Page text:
Tablets are all the rage right now. Why shouldn’t they be? They provide good portability and connectivity. They fall right in between a cell phone (downside: limited screen space) and standard laptops (downside: weight, size, portability). Netbooks never truly took off the way I think we all thought they would. Running Windows on a netbook left something to be desired for performance.

Bring on the tablets. Slim and snappy OS kernels, flash memory, no moving parts, light weight and very portable. They are relatively cheap, and some can even connect via cellular signals and don’t need to rely just on WiFi (Apple iPad). These devices are slowly making their way into the enterprise environment. And why shouldn’t they? It definitely makes access to your office network much more convenient in more locations than ever before. IT support and security become an issue. Allow these devices on your office network? How much can we control them? How do we protect the office infrastructure?

Apple makes a nice utility for iPhone’s and iPad’s that allow IT personnel the ability to preconfigure VPN, Email, and WiFi settings. It can also remove the ability to download applications and/or music. You can even set a password policy – for both the end user, and to remove all of the configured settings. Blackberry has the ability to lock the device with a password via Enterprise console. Of course this means the phone must be powered on and connected to the mobile carrier, to receive those new settings.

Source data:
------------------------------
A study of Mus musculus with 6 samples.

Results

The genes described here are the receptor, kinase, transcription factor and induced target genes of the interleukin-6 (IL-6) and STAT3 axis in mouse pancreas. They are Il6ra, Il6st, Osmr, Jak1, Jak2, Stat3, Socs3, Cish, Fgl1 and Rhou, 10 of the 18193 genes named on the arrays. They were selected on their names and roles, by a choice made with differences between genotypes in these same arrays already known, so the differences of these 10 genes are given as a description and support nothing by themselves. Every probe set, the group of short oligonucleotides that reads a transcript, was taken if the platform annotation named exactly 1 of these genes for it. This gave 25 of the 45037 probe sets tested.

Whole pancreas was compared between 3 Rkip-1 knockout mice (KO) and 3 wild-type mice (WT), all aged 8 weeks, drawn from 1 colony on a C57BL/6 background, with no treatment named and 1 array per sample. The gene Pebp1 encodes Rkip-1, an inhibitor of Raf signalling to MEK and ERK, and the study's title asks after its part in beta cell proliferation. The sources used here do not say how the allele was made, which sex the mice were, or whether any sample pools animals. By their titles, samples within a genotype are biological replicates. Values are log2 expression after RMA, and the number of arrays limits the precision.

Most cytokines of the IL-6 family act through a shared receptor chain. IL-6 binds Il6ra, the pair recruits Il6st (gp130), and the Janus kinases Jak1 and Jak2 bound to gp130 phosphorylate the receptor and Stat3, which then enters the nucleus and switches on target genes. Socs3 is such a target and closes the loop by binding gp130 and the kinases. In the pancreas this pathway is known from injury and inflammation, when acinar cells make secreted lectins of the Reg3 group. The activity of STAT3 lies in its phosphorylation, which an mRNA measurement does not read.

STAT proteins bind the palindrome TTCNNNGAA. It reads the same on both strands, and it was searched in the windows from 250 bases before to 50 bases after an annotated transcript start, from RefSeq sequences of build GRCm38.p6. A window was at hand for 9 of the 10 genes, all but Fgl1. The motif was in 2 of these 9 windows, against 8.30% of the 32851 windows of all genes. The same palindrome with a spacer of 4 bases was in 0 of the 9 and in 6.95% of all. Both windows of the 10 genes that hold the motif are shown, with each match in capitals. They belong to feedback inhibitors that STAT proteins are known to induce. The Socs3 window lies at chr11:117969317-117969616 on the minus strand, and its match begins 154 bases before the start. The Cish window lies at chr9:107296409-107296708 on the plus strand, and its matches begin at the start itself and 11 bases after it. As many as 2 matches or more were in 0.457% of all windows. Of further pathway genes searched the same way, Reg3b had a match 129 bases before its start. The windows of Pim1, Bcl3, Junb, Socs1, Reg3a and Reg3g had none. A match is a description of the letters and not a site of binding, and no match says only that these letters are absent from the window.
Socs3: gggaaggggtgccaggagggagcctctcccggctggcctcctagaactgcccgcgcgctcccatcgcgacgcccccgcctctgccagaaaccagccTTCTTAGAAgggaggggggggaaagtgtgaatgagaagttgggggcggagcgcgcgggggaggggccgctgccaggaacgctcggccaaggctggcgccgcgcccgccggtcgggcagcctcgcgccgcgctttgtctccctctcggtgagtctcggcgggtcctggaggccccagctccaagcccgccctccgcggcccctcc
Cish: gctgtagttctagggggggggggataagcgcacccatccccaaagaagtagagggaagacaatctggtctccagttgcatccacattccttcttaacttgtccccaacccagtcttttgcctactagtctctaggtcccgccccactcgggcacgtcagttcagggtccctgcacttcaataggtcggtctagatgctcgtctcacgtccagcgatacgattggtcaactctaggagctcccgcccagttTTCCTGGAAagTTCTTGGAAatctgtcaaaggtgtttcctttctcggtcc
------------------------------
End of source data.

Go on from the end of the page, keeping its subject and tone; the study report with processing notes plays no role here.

Where is this for Android? Windows Mobile? Palm? Android in particular has 3rd party programs available, like MyLookout (free!). If you lose your phone, provided it’s powered on, MyLookout will track it via GPS. You can even wipe it remotely, or initiate an audible “scream” to help you find it or frighten whoever stole the phone.

Word to the wise – before allowing these devices on your office network, make sure you have adequate security protocols in place. Whether that is MyLookout, or the iPad configuration utility, etc. If you find yourself in a situation where a user lost their device (yes, it happens!), think of how you will respond to the situation, and start planning now for that!